In the middle of Kevin Sumlin's final Texas A&M season, a successful prominent coach asked me, "What happens if I go 8-4?"

The question was rhetorical. That coach -- who didn't want to be identified -- was referring tangentially to Sumlin, the same guy who was introduced as Arizona's new coach Tuesday.

Sumlin's career has basically averaged out to one big 8-4 record -- 86-43 (.666) over 10 seasons. The rinse-wash-repeat nature of three straight eight-win seasons at Texas A&M from 2014-16 is also a major reason he was fired on Nov. 26, 2017.

That day I spoke to him, 8-4 came out of the prominent coach's mouth like a sour lemon. He was wondering about his own job security. If winning two-thirds of your games isn't good enough, well, what has the coaching profession become?

We all know it's a case of perspective and expectations, of course. Sumlin never duplicated his first season at Texas A&M. In 2012, he won 11 games, beat Alabama and Oklahoma and coached a Heisman winner in Johnny Manziel. It never was that good again at A&M, but it was never really that bad, either. When Sumlin departed the SEC, only Nick Saban, Kirby Smart and Gus Malzahn had better career winning percentages.

That's where the expectations and perspective come in.

Sumlin was a central figure in this silliest of seasons. Tennessee was a mess. Three major Power Five programs hired replacements with a combined .425 winning percentage (Florida State, Oregon, Arkansas). Jim McElwain basically got himself fired at Florida after going 23-12.

Sumlin's situation was more unique. His athletic director -- on national television in May -- put him on notice. That's more than silly. That's borderline unethical.

"It was tough," Sumlin told me Tuesday. "Trying to be consistent, trying to be upbeat all the time, trying to be honest with your staff can be draining when that information is out there."

How's this for perspective? Sumlin has the second-best career winning percentage of any coach coming into Arizona as any coach exiting Arizona since 1937. The only coach better in that time span was Jim Young, who won 70 percent of his games from 1973-76.

It's impossible to label Sumlin a failure at Texas A&M, but the administration there did its damndest to make him feel like one.

The pep talk Sumlin needed came from a trip to the American Football Coaches Association of America coaches' convention earlier this month. Sumlin just went to hang out. There were friends, starting with West Virginia coach Dana Holgorsen.  Sumlin found out there were other opportunities (coach in the NFL) and plenty of advice (sit out a year and do TV).

Finally, he came to a conclusion.

"Hey, I do know what I'm doing. People do respect [me]," Sumlin said. "Since third grade, there has been only one year since I haven't been involved in football. These five, six weeks is the longest vacation I had."

What you saw at Arizona on Tuesday is generally how the rest of the nation outside of College Station, Texas, feels about Sumlin. There seemed to be a collective embrace at the press conference from a college community that just wants a guy to make the U of A proud.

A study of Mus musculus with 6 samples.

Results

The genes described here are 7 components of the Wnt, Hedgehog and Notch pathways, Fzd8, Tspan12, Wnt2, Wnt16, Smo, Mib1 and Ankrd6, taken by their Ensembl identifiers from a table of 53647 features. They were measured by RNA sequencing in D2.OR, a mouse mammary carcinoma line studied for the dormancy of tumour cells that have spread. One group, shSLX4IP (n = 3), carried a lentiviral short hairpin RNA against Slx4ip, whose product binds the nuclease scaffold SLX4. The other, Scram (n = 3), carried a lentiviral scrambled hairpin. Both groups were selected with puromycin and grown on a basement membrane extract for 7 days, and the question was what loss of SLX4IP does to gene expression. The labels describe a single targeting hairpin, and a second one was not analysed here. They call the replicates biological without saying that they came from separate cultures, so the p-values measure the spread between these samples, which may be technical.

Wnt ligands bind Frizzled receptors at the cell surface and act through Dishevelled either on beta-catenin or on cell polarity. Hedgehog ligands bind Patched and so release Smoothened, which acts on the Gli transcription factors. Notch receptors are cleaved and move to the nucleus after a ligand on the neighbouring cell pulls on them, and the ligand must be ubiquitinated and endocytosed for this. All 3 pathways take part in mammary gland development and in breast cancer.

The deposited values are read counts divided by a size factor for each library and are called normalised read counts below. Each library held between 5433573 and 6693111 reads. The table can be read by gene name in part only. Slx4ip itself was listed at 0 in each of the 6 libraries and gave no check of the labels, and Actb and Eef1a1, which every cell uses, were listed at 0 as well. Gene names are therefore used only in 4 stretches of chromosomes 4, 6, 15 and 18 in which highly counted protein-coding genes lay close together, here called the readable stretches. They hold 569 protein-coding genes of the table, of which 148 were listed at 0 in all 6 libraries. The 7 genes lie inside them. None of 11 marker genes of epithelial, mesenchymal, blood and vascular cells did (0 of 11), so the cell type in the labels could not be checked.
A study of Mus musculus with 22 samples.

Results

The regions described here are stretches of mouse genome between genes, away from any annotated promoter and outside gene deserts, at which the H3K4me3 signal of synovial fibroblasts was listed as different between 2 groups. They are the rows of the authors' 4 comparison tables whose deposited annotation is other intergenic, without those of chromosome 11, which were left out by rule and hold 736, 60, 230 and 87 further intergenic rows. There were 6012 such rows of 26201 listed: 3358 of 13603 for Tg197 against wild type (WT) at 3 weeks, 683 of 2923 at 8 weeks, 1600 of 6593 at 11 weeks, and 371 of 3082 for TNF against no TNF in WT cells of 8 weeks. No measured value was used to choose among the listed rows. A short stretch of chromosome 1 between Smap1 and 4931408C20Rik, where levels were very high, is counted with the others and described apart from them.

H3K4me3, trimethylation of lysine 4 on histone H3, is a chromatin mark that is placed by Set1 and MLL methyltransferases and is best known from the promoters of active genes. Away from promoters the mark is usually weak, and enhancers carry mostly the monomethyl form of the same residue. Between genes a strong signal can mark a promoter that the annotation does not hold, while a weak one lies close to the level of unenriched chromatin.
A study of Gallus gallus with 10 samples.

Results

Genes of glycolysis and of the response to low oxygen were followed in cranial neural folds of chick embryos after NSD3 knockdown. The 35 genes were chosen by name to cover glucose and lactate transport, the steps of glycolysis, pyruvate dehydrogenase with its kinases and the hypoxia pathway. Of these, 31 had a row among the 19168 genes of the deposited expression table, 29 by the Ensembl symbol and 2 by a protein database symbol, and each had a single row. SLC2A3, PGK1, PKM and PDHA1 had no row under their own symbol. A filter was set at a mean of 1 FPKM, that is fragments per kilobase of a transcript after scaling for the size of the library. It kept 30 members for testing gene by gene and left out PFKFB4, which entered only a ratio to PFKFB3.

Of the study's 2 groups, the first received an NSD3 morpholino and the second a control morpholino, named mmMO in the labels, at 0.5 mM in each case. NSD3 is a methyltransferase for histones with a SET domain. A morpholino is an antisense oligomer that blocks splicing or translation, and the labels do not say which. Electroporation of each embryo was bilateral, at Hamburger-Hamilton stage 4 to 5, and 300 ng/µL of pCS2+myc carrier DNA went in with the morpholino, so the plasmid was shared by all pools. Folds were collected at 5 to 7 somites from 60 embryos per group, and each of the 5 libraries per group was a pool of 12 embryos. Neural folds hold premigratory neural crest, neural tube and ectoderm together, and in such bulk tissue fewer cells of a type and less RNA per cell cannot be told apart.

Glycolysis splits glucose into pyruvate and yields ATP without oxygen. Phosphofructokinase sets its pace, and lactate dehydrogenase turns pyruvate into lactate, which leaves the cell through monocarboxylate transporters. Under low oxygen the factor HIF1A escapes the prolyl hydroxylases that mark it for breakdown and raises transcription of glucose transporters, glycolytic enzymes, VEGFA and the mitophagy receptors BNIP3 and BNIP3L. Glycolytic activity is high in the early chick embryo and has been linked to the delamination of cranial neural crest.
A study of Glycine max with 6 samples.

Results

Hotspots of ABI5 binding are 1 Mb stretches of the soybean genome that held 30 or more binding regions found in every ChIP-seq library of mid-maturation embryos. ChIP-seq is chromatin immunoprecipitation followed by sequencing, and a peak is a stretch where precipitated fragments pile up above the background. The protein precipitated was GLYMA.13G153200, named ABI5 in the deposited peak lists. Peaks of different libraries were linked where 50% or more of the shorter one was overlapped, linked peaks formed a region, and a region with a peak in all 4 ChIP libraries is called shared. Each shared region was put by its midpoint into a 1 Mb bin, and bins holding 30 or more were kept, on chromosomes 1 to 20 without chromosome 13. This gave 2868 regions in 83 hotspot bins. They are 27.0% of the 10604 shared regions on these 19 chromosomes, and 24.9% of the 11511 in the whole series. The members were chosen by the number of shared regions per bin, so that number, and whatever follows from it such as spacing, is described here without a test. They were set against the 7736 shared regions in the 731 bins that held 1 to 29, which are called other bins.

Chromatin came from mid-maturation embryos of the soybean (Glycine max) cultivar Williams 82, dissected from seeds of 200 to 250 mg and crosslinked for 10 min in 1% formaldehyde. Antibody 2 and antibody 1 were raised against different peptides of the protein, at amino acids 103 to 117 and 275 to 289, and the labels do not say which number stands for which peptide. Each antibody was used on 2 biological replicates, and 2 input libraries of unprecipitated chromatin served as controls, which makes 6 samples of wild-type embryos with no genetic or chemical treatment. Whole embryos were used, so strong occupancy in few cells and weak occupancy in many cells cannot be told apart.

Sumlin is that guy -- an accomplished, straight-ahead, no-nonsense, more-than-capable head coach.

Manziel is on Sumlin's resume, of course. There is also the Vikings' Case Keenum – Sumlin's best quarterback at Houston -- who is attempting to become a Super Bowl quarterback this week.

Those are career legacies. So is Sumlin's pretty much stainless NCAA compliance record.

The fact remains: Texas A&M has an outsized opinion of itself. That isn't necessarily bad. In fact, it's quite common among fan bases. See, Tennessee. Sure, A&M has a championship pedigree. Well, actually even that is debatable. The program hasn't won a conference in 20 years. Its only national championship in the wire service era came in 1939.  

Going to the SEC raised the program's profile but also solidified a cruel reality. Texas A&M starts most seasons behind Alabama, Auburn and LSU in the SEC West. Until it gets to the top of that ultra-tough division (and conference) that just always will be.

You want to talk expectations? In nine days, A&M will owe Sumlin $10.5 million on his buyout. He will make a total of $14.5 million in his new deal at Arizona.

"I don't know that the bar has been raised [in the profession]," Sumlin told me. "It depends on where you are. It's where you're expectations are. It depends on the school. There are a lot of outlying factors. It depends on your administration, the consistency or inconsistency."

Arizona's expectations are lower. It has a more reasoned perspective than A&M. In many ways, it is still mostly a basketball school. There is virtually no championship legacy in football. Arizona is the only program from the old Pac-10 that has never been to the Rose Bowl.

That's an embarrassing red letter. A coach of Sumlin's ability also can change that rather easily, especially since Rich Rod didn't leave the cupboard bare. Quarterback Khalil Tate is an emerging talent. Sumlin is one of the game's better quarterback coaches (see above).

As far as recruiting goes, there has to be a renewed recruiting emphasis in California and Texas. In-state, let's just say as long as Sumlin is at Arizona and Herm Edwards is at Arizona State, it's advantage Wildcats.

Sumlin is still a damn good coach. He may not have won the right games at the right time, but who has recently at A&M? Sumlin's .662 winning percentage with the Aggies (51-26) is the second-highest for a multi-season coach at the school since Dana X. Bible in 1928.

Sumlin is still a damn good coach. An 8-4 campaign is still a heck of a season. Just remember to approach both subjects slowly when you remind him.

"That's not the first reaction you have when somebody tells you you're [fired]," he admitted. "In fact, it's the opposite reaction."